Like many, many other Americans, Alan Krueger was frustrated by his jury-duty experience. The Princeton economist showed up to court in Mercer County, New Jersey only to be told after an hour’s wait he was free to go home for the day: the only case scheduled was settled out of court. He could still be called in on the following days. A “mad frenzy” of the hundred-plus potential jurors ensued when they all tried to get on a bus back to the parking lot.
The former chairman of President Obama’s Council of Economic Advisers was bugged by this inefficient use of his time. He took to Twitter to vent, but also to suggest a solution, as any self-respecting, award-winning economist who held multiple positions in the US government would do:
“It seems to me that this is something that needs to be done scientifically, taking a ‘Moneyball’ approach to how big a group needs to be called in to form a jury,” he said, summing up his idea in an interview with Quartz.
There’s a lot of subtraction to get to 12
It’s a problem US courts are trying to fix. There is even a metric courts use called the “juror utilization rate” to measure just how many potential jurors are called in unnecessarily. A notorious example of inefficiency is the juror utilization rate from the early 2000s in New York: 82% of those summoned were never selected for trial.
To get 12 citizen jurors, you need to call in many more people. Potential jurors can be eliminated due to scheduling conflicts, economic hardship, bias, or—within limits established by states—simply because the defense attorney or prosecutor thinks they will be unfavorable to their side. In most courts, it’s reasonable to call in between 45 and 60 people, says Paula Agor-Hannaford from the Center for Jury Studies at the Virginia-based National Center for State Courts. That number can rise dramatically if a case is particularly sensitive or controversial.
Hannaford, who advises courts on how to be more efficient, said that in some jurisdictions calling in dozens of unnecessary jurors remains “a very big problem.” Others have figured it out, but there’s no visible improvement across the board.
“It goes in waves. Some courts get really good, and then they get sloppy again,” she says. “Some of these practices don’t get institutionalized well.”
Some courts already do something akin to what Krueger suggests: “In larger urban courts where you have multiple trials going forward on any given day, you can—and in fact, many of the courts actually do—play the numbers. You have the jury managers on the day before going ‘OK, we have 14 cases that are scheduled for trial, four are going to drop out, so we only need jurors for ten,’” Hannaford said.
In smaller or rural courts this may be harder, simply because the juror pools are smaller, and there are fewer trials.
Is an empty pool worse than one that overflows?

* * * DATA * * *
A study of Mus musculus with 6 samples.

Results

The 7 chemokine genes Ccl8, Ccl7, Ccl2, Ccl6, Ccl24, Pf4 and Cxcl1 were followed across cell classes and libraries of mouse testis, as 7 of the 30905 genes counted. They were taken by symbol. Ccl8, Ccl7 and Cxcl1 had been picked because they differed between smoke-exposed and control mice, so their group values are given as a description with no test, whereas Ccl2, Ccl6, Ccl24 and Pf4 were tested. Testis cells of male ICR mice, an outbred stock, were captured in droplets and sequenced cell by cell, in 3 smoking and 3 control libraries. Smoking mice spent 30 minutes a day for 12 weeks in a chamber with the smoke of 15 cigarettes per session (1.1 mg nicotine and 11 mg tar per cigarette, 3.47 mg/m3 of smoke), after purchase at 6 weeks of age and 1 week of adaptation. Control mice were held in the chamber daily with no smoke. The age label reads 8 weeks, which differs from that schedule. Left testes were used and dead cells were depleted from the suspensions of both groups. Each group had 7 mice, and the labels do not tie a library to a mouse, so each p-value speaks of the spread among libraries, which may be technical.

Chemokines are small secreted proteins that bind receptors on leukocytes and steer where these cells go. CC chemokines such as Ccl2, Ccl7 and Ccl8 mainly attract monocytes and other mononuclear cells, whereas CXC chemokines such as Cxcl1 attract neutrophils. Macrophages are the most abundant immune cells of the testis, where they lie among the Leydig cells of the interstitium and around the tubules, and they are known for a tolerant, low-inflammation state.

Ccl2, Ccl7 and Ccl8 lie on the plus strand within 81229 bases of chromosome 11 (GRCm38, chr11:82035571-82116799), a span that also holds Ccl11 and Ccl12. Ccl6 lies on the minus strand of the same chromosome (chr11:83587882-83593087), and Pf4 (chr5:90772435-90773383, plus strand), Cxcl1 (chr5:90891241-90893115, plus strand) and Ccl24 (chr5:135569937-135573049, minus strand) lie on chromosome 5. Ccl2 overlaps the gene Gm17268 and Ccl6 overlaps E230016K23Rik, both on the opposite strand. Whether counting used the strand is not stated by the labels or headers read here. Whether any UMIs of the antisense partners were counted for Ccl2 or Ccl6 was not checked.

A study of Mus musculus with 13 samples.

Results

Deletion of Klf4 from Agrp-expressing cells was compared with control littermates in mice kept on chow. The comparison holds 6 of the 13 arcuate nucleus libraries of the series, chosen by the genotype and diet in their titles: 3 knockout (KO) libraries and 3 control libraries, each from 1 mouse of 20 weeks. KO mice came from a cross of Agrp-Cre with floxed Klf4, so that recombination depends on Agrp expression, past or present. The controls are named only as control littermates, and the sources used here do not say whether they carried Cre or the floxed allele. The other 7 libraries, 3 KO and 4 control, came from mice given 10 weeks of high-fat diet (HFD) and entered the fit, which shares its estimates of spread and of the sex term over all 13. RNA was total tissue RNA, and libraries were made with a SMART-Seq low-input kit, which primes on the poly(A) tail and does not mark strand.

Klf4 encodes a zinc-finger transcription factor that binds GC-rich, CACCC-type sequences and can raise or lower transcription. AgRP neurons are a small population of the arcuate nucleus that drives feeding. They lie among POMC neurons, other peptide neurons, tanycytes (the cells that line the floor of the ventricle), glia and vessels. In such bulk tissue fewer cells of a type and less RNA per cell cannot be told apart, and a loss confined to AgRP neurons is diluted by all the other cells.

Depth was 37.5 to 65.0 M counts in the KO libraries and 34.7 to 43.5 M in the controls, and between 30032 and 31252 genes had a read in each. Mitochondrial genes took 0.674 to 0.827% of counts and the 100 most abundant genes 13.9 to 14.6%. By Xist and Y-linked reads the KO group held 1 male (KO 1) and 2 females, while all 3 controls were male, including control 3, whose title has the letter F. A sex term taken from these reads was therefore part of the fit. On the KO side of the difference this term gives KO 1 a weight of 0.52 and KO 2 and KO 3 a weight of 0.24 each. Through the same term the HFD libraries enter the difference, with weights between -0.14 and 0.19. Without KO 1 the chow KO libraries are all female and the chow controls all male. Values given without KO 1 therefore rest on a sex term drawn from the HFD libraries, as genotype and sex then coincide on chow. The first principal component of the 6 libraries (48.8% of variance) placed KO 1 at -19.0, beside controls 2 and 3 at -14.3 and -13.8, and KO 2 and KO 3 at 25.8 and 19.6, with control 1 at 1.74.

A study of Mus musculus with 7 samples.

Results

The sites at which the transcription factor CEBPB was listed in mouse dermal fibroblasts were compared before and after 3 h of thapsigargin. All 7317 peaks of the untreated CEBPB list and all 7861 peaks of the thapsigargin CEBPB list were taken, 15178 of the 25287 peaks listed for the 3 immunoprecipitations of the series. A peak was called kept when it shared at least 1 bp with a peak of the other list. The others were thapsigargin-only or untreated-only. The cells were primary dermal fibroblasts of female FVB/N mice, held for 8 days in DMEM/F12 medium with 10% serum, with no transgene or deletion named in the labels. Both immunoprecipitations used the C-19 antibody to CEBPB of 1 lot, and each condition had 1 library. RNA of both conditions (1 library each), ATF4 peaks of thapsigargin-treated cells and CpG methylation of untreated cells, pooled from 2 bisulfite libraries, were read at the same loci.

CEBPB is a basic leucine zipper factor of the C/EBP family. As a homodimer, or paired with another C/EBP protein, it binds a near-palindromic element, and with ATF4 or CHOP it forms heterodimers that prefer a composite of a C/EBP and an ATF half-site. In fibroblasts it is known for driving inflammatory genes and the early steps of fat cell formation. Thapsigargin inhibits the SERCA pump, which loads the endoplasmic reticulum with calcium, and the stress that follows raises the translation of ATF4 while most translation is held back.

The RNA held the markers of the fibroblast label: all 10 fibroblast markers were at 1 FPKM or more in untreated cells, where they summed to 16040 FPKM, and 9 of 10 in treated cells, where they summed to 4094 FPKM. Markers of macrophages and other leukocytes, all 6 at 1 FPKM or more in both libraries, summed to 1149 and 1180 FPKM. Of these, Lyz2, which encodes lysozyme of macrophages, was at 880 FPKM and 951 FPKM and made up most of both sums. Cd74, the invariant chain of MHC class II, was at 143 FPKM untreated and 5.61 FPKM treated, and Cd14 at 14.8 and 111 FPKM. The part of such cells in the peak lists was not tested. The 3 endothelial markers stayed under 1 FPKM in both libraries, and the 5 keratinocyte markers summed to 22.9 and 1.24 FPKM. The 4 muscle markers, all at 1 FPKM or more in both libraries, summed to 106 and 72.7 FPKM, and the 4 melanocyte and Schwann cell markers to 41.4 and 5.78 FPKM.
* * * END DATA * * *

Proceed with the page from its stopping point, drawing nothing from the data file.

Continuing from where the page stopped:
Krueger, of course, reasons along economic lines. When a court miscalculates, and unnecessarily calls in dozens of people who lose sometimes days of work, the jurors—and society at large—unfairly cover most of the costs. “You’re making the juror pool bear all the risk,” he says.
Perhaps the lawyers, defendants and judges should have to wait every once in a while, because they don’t have enough jurors. “Is it the end of the world?” Krueger asks.
Hannaford says that if there’s even the slimmest possibility a case will go to trial, “you have to have the jurors there.” Because of the costs involved in rescheduling, courts will play it safe. Jury managers, the court officials responsible for calling jurors in, are risk averse, she says. They are responsible to the judges, so they will always try to have enough jurors to choose from.
What’s more, she says officials don’t particularly care about costs to the jurors, such as lost wages: “Judges and attorneys are typically only looking at what the juror fees are.” In Krueger’s case the payment was only $5 a day. If 100 people are called in at that rate, for the court it’s “definitely worth it to have [paid out] $500 for a case that otherwise wouldn’t have gone forward and probably would’ve cost $5,000 to reschedule,” Hannaford says, although she thinks courts should consider societal costs as well.
Communication is key
Hannaford says generally, it’s predictable whether a felony or serious civil case will go to trial. “The prosecutor and the attorney know what’s going to happen. It often doesn’t get communicated to the court,” she says. Her organization tries to impress on judges the need to work very closely with both sides.
To avoid last-minute changes, some courts have a deadline for plea-bargain deals—the day or week before the trial. If a defendant seeks a deal after the set date, a judge won’t approve a reduced sentence. “Courts that do that—and mean it—have much, much better results of not bringing in jurors unnecessarily,” Hannaford said.
This is important, because jury duty shouldn’t be seen a useless nuisance, but a vital civic obligation. Krueger hypothesizes that if fewer people got called in only to wait all day or get sent back home having had no input in the system, Americans would generally be more willing to participate in jury duty.